Tyler Herro takes friendly jab at Duncan Robinson: ‘The best shooter I’ve ever seen besides myself’


Robinson became the Miami Heat’s all-time leader in 3-pointers made on Friday night, with Herro proudly noting Robinson’s work ethic that made the record possible.

“He’s always been one of the best shooters I’ve ever seen. The best shooter I’ve ever seen besides myself,” Herro said with a smile. “But ever since I’ve been here, he’s been a guy who comes in and works hard every single day no matter what the results were the night before. I think everything he’s gone through just to stay ready, I’m just happy for him with where he’s at now and obviously being able to break the record. That’s big time.”

Robinson signed a two-way contract with the Heat as an undrafted free agent in 2018 and eventually worked his way into the team’s lineup. Collegiately, he played first at Williams College before transferring to the University of Michigan.

Those humble beginnings likely serve as the reason why Robinson has continued to tirelessly work on his game. After his trio of 3-pointers against the Denver Nuggets on Friday, he now has 807 triples in his Heat career, passing Tim Hardaway’s former record of 806.

Robinson’s value as a 3-point shooter resulted in his current contract, a lucrative five-year deal worth $90 million. There have been critics of the Heat’s decision to pay Robinson that much money, with some claiming that he is a one-dimensional player who’s sometimes inconsistent.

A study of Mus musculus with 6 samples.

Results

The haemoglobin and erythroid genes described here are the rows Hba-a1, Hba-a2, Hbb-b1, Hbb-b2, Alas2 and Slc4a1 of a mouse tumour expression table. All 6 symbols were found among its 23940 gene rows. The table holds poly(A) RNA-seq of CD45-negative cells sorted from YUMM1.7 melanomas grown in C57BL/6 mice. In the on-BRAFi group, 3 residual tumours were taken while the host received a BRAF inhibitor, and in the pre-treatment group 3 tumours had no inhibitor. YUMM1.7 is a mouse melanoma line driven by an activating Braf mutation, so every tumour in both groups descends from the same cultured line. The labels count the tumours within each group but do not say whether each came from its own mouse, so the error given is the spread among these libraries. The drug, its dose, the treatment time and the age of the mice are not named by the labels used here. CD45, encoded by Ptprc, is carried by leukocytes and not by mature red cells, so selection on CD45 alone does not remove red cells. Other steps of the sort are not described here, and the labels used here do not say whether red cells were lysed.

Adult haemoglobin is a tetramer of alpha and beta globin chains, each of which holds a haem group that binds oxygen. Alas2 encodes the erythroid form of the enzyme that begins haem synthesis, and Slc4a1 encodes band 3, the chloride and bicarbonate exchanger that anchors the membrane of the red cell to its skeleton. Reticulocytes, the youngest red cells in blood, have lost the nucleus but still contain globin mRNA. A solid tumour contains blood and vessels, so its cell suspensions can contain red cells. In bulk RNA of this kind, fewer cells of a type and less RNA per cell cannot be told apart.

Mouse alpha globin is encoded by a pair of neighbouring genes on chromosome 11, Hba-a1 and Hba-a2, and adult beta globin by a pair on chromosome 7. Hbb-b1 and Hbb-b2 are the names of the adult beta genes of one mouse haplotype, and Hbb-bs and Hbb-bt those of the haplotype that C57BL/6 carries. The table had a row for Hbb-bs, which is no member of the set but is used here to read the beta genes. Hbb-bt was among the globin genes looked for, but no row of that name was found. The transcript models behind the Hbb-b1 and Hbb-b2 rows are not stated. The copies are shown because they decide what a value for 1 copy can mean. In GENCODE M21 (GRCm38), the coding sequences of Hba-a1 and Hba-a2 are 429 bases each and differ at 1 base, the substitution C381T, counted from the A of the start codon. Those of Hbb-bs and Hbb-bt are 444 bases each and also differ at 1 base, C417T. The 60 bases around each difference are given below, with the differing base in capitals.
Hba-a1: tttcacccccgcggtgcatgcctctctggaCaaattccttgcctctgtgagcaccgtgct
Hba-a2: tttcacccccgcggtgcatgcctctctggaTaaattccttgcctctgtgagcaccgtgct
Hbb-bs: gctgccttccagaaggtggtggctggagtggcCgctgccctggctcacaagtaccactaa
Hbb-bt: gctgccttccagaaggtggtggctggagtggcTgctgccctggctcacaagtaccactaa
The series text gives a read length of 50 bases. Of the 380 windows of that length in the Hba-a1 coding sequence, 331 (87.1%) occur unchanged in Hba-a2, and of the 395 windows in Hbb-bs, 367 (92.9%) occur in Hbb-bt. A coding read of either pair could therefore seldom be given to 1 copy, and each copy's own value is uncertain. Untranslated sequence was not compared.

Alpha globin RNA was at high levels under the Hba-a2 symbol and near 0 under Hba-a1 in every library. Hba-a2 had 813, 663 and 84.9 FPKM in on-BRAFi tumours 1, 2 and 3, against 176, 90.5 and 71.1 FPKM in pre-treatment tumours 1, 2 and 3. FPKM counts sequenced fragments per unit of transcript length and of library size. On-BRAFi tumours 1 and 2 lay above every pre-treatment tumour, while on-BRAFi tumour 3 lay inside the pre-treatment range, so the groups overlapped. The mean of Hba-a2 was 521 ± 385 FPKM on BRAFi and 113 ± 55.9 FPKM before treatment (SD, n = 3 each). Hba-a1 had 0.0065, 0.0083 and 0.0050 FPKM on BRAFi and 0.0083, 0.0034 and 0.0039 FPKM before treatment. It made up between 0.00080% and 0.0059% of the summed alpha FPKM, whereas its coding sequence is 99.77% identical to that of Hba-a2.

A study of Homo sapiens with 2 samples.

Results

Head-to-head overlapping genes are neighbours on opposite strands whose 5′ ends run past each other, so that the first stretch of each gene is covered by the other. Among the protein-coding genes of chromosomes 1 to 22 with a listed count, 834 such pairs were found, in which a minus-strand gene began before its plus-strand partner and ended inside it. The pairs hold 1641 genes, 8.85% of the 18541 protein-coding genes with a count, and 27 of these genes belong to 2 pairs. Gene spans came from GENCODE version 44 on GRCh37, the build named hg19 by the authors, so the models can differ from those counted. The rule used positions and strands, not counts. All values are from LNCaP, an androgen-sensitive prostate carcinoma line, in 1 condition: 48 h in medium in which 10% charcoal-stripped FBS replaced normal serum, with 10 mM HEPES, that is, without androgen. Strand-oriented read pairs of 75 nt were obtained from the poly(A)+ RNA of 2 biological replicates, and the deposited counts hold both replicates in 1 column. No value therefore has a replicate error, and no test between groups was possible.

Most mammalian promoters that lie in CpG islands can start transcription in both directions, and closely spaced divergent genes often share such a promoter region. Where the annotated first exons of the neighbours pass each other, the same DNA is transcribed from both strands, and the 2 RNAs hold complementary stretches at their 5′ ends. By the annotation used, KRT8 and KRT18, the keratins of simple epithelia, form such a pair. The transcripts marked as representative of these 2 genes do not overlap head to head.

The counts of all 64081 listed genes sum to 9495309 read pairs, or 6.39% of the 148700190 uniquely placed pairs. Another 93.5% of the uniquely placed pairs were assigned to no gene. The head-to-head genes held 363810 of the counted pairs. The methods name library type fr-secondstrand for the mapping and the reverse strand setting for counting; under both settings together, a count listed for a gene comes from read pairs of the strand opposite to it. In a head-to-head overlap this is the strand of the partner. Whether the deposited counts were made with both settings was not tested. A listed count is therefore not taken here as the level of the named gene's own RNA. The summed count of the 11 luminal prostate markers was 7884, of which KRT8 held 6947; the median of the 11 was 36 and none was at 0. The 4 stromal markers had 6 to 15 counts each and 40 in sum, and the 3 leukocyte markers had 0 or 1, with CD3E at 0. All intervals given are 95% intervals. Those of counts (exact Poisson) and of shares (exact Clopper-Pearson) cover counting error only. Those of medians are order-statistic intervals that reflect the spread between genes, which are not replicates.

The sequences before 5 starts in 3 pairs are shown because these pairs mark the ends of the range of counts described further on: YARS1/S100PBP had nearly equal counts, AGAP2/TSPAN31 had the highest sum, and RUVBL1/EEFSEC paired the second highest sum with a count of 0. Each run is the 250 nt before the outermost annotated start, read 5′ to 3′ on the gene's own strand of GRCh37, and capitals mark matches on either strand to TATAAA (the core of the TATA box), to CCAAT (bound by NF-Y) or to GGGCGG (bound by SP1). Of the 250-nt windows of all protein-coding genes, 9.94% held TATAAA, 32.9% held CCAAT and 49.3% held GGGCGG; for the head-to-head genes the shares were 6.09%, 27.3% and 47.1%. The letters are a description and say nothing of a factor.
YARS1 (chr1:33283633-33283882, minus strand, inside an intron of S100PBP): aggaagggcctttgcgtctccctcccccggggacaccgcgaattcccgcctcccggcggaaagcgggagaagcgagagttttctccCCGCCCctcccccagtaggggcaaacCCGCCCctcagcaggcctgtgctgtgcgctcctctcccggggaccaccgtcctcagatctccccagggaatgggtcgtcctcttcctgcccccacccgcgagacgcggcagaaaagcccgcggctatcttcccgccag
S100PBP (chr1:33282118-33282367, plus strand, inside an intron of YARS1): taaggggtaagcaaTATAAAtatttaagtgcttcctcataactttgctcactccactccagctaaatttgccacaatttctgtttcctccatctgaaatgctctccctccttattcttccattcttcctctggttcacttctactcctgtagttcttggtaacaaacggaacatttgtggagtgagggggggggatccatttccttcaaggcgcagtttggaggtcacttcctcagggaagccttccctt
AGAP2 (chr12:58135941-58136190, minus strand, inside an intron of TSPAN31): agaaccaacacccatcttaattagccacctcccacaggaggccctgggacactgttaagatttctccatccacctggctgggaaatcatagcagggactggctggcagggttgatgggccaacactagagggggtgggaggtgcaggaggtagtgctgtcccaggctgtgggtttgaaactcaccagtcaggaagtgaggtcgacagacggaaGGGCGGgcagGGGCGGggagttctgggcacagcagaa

The 28-year-old has struggled at times in recent seasons, but he’s certainly capable of being a major weapon for Miami.

The rapid pace with which Robinson achieved the team 3-point record is indicative of just how dangerous he can be in that area. Robinson needed just 265 regular season games to get past Hardaway, who required 367 games to compile his number.

Of course, the frequency of the 3-pointer in the current era is much higher than it was when Hardaway played for the Heat. Still, Hardaway entered the NBA as a first-round pick in 1989 and joined the Naismith Memorial Basketball Hall of Fame this year, in comparison to Robinson’s determined move up the ladder.

Robinson’s team record certainly doesn’t mean that he’ll follow in Hardaway’s footsteps and become a Hall of Famer. It doesn’t even guarantee that he’ll remain in a Heat uniform for the duration of his current contract, considering trade rumors that have circulated.

However, the Heat are certainly happy about the career Robinson has had since he joined the team years ago.